HONOR OUR ELDERS: MY MOTHER'S GENERATION

After two weeks in a nursing home and sharing some of my daily stories, at least two dozen people have told me, "you should write a book about this place."

Well, maybe. I'm discussing that with the Lord, and with all of you, if anyone responds. There certainly are plenty of "characters," some who make me cry, some who make me laugh, and others, yes, who make me want to scream.


Two events put me in mind of their place in our nation's history. One was a blog of growing up in the '50s and '60s (and that's more my generation's story than the story of these folks). 


The other way a concert by the "piano man." He specializes in performing Elvis Presley songs. The lobby was nearly full of people who spend much of their time asleep or mumbling to themselves.  


Listening to the King's music transformed them. They were toe tapping, hand clapping, singing along with the performer. And I looked at the white-haired ladies and thought, "these people were the first rock-n-rollers. As girls they went crazy at Elvis concerts." How time changes us all. 


These seniors won't be remembered as the greatest generation. Most of them just missed it, growing up during the war, changed by it, but not leading. Their time came a decade later. They led us into the uneasy peace after World War II and into the space and atomic eras. My mother, now home with the Lord, is part of this generation. 


When I think of what happened from, say, 1945-1960, I think of these events:


  • Televisions became a staple in nearly every home.
  • A seamstress and an unknown preacher started a boycott of a segregated bus system that swept through the nation, changing us forever.
  • The first ship went into space.
  • America emerged as the first (and only, so far) country to let loose an atomic bomb on an enemy.
  • They married and had children in record numbers (I'm one of them).
  • They raised their children, terrified not by the threat of planes crashing into buildings (as terrible as that was); no, they feared that Russia would bomb them and kill entire cities. They built bomb shelters and taught us to cover our heads and roll.
  • They fought the Communist menace with every resource at their disposal, with all the passion we now spend on fighting "terrorists" (Muslim extremists or other kinds).
  • They elected the first (and to do, date, only? I think) non-protestant president. 
  • They fought in the forgotten war in Korea and by the end of the the 50s, they were already heading for the little known country of Viet Nam.
  • Senator McCarthy emerged as the leader of an extreme anti-communist movement.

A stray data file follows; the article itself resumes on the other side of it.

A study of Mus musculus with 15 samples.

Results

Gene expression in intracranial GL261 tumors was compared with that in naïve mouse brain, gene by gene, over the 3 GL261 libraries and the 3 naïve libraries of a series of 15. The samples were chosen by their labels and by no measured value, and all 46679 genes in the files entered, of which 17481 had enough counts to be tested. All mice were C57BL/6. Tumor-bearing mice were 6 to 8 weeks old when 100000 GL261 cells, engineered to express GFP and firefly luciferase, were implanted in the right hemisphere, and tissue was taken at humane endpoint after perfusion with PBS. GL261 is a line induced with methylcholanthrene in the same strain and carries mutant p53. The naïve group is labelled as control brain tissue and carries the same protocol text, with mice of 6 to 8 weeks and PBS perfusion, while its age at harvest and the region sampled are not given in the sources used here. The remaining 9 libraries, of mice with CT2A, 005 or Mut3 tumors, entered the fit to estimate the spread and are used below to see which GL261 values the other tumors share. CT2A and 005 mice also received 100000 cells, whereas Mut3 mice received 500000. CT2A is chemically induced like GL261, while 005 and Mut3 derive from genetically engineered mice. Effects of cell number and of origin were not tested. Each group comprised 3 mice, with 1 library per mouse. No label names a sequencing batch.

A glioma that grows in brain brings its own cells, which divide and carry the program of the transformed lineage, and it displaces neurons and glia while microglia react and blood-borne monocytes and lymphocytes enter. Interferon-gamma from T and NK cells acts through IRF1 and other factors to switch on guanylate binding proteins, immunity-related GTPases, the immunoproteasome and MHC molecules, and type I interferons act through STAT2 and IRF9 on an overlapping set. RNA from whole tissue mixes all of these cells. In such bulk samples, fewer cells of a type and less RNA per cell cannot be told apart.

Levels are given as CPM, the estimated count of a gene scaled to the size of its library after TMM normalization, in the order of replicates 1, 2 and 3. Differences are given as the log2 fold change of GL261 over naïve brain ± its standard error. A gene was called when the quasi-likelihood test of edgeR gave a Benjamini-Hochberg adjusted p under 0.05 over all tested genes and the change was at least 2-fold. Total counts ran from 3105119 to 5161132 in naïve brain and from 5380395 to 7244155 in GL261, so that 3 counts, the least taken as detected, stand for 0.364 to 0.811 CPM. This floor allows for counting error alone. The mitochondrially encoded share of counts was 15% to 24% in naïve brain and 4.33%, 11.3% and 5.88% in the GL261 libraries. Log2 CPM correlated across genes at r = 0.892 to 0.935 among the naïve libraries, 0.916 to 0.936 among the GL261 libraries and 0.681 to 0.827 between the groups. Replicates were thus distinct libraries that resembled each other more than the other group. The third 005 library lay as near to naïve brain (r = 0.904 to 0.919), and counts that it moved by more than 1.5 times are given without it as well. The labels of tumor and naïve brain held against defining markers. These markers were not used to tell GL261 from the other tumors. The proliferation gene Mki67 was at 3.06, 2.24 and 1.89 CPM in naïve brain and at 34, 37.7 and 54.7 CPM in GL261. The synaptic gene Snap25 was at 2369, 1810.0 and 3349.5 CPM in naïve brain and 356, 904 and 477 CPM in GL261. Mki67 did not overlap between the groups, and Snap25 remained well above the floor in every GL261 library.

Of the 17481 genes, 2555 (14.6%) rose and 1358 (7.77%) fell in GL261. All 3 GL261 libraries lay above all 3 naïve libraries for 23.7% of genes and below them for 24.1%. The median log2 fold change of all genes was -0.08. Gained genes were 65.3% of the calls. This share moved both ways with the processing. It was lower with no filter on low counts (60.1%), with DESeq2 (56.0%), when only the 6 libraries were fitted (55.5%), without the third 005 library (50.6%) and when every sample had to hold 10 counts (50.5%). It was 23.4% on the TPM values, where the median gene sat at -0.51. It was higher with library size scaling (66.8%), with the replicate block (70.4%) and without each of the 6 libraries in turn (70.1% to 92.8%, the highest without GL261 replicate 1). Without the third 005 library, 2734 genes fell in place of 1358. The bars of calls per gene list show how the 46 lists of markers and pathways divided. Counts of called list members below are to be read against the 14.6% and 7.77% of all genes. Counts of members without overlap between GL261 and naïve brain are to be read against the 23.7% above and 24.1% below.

• They rejected their parents' music.
  • The miracle of the polio vaccine and pennicillin brought new hope at a time the threat was real, before vaccines made the scurge of childhood illness largely a thing of the past.
I'm sure I would come up with a dozen more if I stayed here long enough.

Do you hear the echoes of what today's generation contends with?

These are the people now in their 70s and 80s. In this home, most are frail of body and even frailer of mind. But when I think of all they endured and accomplished, I must admire and honor them.

Even if the constant fault-finding drives me crazy. 

P.S. Add to my list of important events during the time period.

P.P.S.  How do you like the idea of a book (a novel, of course) with these seniors as the protagonists?



10 comments:

CHickey said...

Well done! Beautifully written

Kathi Macias said...

Darlene, thank you for this thoughtful post. My mom passed away last year at the age of 90, so she was a bit older than this generation. I was born in 1948, so I personally relate to them and would love to see a series with this generation at the center. Praying it works out for you, my friend. Blessings!

Darlene Franklin said...

Thanks, Kathi, for the comment. They are amazing people. . .

Leslie Basil Payne said...

This generation has so much to teach those who will listen. I think of my father-in-law and all the changes he's seen in his 100 years. His eager attitude to keep learning while he's living is an inspiration. Grace & Peace to you, Darlene.

Darlene Franklin said...

Leslie, thanks for stopping by! 100 years, my goodness!

Patti Shene, Executive Editor, Starsongs Magazine said...

Hi Darlene. My mom transitioned to an assisted living facility last summer. Pror to that, mom and dad lived in a retirement apartment building in up-state New York. I often wish I had written down the stories they told of the friends they made, the good times they shared, the challenges they faced, and the issues they dealt with during those years. I think a book like the one you are suggesting would be fantastic.

Candice Speare Prentice said...

Great article, Darlene. And I love the book idea.

Darlene Franklin said...

Thanks, Patti!

hey, it might be my chance to write a story about the 50s (their youth) while writing a contemporary novel. . .

Karla said...

Great list! My, how time changes perspective, and how swiftly time goes by! Thanks for the reminder of a great generation . . . and an inspiration to go live life to the fullest. :)

H L Wegley said...

Darlene, about the book with an older protagonist -- if you can team up an oldster and a youngster, each contributing their own strengths to overcome the antagonist, you could have a great story.